Housing is slowly improving, but some aspects of the economy are having a grinding effect on the overall health of the real estate industry, according to Dr. Elliot Eisenberg, a former senior economist with the National Association of Home Builders.
Eisenberg, who addressed the Pennsylvania Housing Finance Agency’s (PHFA) Housing Forum in Harrisburg yesterday, named several issues that have negatively impacted housing. He said student loan debt and low-income growth have made it difficult for young people to enter the housing market. “It’s also impossible to get credit if your score is below 640, so we’ve knocked 20 percent of buyers out of the market,” he said, attributing the negative credit issue to the Dodd-Frank legislation.
“The median price gap between new and existing homes is huge and unsustainable,” Eisenberg said. “People are getting priced out of the market.” According to his research, the national median existing home sale price is approximately $210,000, while the median new home price is $280,000.
He said that single-family housing starts in Pennsylvania are weak and builders have been building larger homes that are not meeting the demand for first-time homebuyers.
He said rental prices continue to climb and low-income growth have made it increasingly difficult for renters to maintain housing.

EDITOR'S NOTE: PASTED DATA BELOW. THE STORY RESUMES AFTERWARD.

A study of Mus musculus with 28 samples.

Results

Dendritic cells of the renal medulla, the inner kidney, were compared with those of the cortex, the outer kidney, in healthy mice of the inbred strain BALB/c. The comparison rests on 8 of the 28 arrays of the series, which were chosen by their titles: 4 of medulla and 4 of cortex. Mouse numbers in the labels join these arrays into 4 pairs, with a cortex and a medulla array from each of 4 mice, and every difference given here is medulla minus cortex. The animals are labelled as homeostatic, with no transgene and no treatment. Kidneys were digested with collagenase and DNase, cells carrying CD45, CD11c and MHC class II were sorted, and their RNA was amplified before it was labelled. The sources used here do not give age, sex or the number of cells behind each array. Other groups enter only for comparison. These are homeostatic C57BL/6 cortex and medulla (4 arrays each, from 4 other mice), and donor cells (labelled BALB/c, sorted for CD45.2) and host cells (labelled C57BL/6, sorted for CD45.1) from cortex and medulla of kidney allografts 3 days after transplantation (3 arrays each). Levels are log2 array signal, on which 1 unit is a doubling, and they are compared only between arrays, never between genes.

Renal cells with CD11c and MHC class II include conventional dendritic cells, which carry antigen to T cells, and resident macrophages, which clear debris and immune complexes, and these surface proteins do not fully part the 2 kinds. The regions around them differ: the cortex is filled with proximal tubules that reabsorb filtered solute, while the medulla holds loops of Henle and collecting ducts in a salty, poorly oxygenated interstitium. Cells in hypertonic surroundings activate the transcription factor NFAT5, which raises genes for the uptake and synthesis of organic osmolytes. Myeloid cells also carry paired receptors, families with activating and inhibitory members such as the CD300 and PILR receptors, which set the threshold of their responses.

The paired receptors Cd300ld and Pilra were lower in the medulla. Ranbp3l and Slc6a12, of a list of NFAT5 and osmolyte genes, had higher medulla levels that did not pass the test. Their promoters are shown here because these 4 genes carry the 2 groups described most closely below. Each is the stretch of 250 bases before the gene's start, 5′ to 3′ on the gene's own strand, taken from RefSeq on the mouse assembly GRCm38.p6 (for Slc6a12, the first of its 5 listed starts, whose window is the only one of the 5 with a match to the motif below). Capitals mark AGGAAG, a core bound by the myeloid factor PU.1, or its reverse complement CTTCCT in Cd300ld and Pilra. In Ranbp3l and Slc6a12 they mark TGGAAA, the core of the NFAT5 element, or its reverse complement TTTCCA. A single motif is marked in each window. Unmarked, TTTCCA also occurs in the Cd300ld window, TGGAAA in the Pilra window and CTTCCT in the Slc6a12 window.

Eisenberg noted the Pennsylvania housing market is improving, but growth is below the national average. He pointed out the Pittsburgh market appears to have not been affected by the boom, but has seen a steady increase throughout the last several years even as other Pennsylvania markets saw a decrease.
“We’ve seen credit is getting easier to obtain and the Federal Housing Administration (FHA) lowering the annual mortgage insurance premiums on home loans has also made things easier for homebuyers,” he added. “If Fannie Mae and Freddie Mac adopt the FICO 9, it would expand access to mortgage credit within the housing market as well.”
The National Association of Realtors® supports lenders and the government-sponsored enterprises adopting alternative credit scoring methods like FICO 9, which incorporate public utility and rental housing payments. These allow lenders to evaluate younger people and minorities who might not have a history of credit use. FICO estimates that its new model could improve scores by 25 to 100 basis points.